In the world of cartoons, the magazine Puck reigns supreme, even though it ceased publication nearly a century ago. Today The New Yorker is often looked at for the cartoons more than the articles, but in an age without the visual media of television the cartoon assumed much greater prominence. It could be understood by a host of people, whatever their level of education or literacy, and did much to shape the culture of America in the Gilded Age.

This is the subject of a fascinating and much-needed exhibit of the original artwork at the Flagler Museum in Palm Beach. The accompanying catalogue is beautifully done, and deserves a serious look in the giftshop- it would make an excellent Christmas present.

Like the exhibit itself, the book offers a suite of cartoons thematically. Topics covered are Modern Life, Social Commentary, Love and Marriage, Culture and Society, Cast of Characters and Cornball Humor.

The original artwork on display is from the personal collection of Jean and Frederic Sharf, while the book is authored by Flagler Museum curators Tracy Kamerer and Janel Trull. They note in the preface that “because the cartoons consist only of the original figurative drawings, without the captions or stories that accompanied the published form, it isn’t always possible to “get” the jokes at first glance.” Their extensive research in conjunction with the Enoch Pratt Library in Baltimore has managed to flesh out this back story, so that the exhibit explains each one and usually shows the original issue each cartoon appeared in.

Pres. Roosevelt on Puck cover, 1902Pres. Roosevelt on Puck cover, 1902This is further supplemented by snapshots of the cartoonists themselves. For example the image that leads this article, Hurrah for the Red, White and Blue was the centerfold for the July 3, 1893 issue at the World’s Columbian Exposition in Chicago. This stirring image was done by Joseph Keppler, who was born in Vienna in 1838.

It was Keppler who created the German edition of Puck magazine in 1876, and the English edition six months later. He retained his position as chief cartoonist until his death in New York in 1894. His son, Joseph Jr., is the artist of the other image shown here. It demonstrates the support by Puck magazine for the new president Teddy Roosevelt, showing that the steering wheel of the ship of state is in safe hands with him. It was the cover for New Years’ Day, 1902.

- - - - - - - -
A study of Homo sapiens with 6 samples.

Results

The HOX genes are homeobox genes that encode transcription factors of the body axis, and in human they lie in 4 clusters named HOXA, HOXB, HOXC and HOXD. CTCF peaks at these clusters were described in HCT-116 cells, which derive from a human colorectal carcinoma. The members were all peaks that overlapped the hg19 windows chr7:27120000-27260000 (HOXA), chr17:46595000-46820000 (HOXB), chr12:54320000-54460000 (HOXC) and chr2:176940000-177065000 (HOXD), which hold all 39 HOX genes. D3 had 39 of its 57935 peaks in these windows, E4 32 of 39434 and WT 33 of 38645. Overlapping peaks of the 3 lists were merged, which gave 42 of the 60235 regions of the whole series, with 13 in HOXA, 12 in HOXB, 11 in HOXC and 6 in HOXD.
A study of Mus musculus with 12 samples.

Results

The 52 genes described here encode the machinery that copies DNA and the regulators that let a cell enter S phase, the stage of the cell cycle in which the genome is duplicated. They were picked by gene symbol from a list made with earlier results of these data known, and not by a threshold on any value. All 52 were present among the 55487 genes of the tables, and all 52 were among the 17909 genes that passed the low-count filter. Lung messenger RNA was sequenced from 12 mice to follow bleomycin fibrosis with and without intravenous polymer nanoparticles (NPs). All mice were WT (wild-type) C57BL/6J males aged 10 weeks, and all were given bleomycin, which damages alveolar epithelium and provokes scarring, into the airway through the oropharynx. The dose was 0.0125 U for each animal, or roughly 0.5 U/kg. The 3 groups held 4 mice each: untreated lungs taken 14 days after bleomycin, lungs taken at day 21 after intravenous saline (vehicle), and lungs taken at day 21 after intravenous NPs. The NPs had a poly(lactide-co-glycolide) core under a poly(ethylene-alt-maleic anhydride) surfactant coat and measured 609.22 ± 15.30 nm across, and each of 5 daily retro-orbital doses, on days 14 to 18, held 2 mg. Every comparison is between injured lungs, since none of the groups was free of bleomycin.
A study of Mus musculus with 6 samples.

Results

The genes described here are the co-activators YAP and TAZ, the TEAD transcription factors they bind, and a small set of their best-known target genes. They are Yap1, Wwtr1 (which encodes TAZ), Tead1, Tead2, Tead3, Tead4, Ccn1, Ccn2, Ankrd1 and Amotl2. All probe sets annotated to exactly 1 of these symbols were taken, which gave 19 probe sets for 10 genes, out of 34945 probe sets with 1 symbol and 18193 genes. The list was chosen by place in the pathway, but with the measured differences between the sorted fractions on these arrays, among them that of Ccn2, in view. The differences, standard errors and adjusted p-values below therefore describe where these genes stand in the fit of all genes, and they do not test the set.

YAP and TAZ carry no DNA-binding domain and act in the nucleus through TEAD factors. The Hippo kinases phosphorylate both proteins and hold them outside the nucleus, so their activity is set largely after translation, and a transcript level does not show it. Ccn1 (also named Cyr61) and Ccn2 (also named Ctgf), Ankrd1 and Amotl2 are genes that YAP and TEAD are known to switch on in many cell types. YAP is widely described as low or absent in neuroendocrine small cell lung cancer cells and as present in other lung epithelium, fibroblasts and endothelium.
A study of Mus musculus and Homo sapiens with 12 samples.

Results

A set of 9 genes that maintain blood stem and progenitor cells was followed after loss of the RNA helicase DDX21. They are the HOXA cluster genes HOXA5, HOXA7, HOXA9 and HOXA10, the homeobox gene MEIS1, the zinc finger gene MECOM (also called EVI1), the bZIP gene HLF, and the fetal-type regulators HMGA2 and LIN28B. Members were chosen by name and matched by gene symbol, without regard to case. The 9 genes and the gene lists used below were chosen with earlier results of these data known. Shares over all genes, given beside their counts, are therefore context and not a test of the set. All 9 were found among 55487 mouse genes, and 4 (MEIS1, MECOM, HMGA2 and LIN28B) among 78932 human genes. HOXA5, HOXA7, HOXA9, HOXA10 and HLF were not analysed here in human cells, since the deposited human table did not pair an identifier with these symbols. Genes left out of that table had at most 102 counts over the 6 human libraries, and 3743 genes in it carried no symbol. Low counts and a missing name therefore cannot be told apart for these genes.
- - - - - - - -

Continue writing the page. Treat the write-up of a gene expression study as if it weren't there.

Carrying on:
It was Joseph Jr. who sold Puck magazine in 1914; faced with competiton and without the Kepplers at the helm it foundered and ended publication in 1918. Joseph Jr. died in 1956.

The curators say in the catalogue that “during its run, Puck reigned supreme, constantly adjusting to stay on the forefront of humor but never losing sight of the core values the magazine was built upon.” As a window on the world as it was during the Gilded Age, Puck is unparalleled.

From cartoons of the immigrant Irish being portrayed as stupid, drunk and violent, to biting social commentary on women’s fashions and the dangers of the new-fangled automobile, these cartoons hit the mark every time. Well worth a visit to Florida’s finest mansion, now decorated in Christmas splendor. So take a holiday tour and see this exhibit before it ends!

The exhibit runs at the Flagler Museum in Palm Beach until January 3, 2016. Visit the website for tour details:

Clifford Cunningham

Dr. Clifford Cunningham is a planetary scientist. He earned his PhD in the history of astronomy at the University of Southern Queensland, and has undergraduate degrees in science and ancient history from the University of Waterloo. In 2014 he was named a contributor to Encyclopedia Britannica. He is the author of 14 books on asteroids and the history of science. In 1999 he appeared on the TV show Star Trek: Deep Space Nine. Asteroid 4276 was named in his honor in 1990 by the International Astronomical Union based on the recommendation of its bureau located at Harvard-Smithsonian Center for Astrophysics.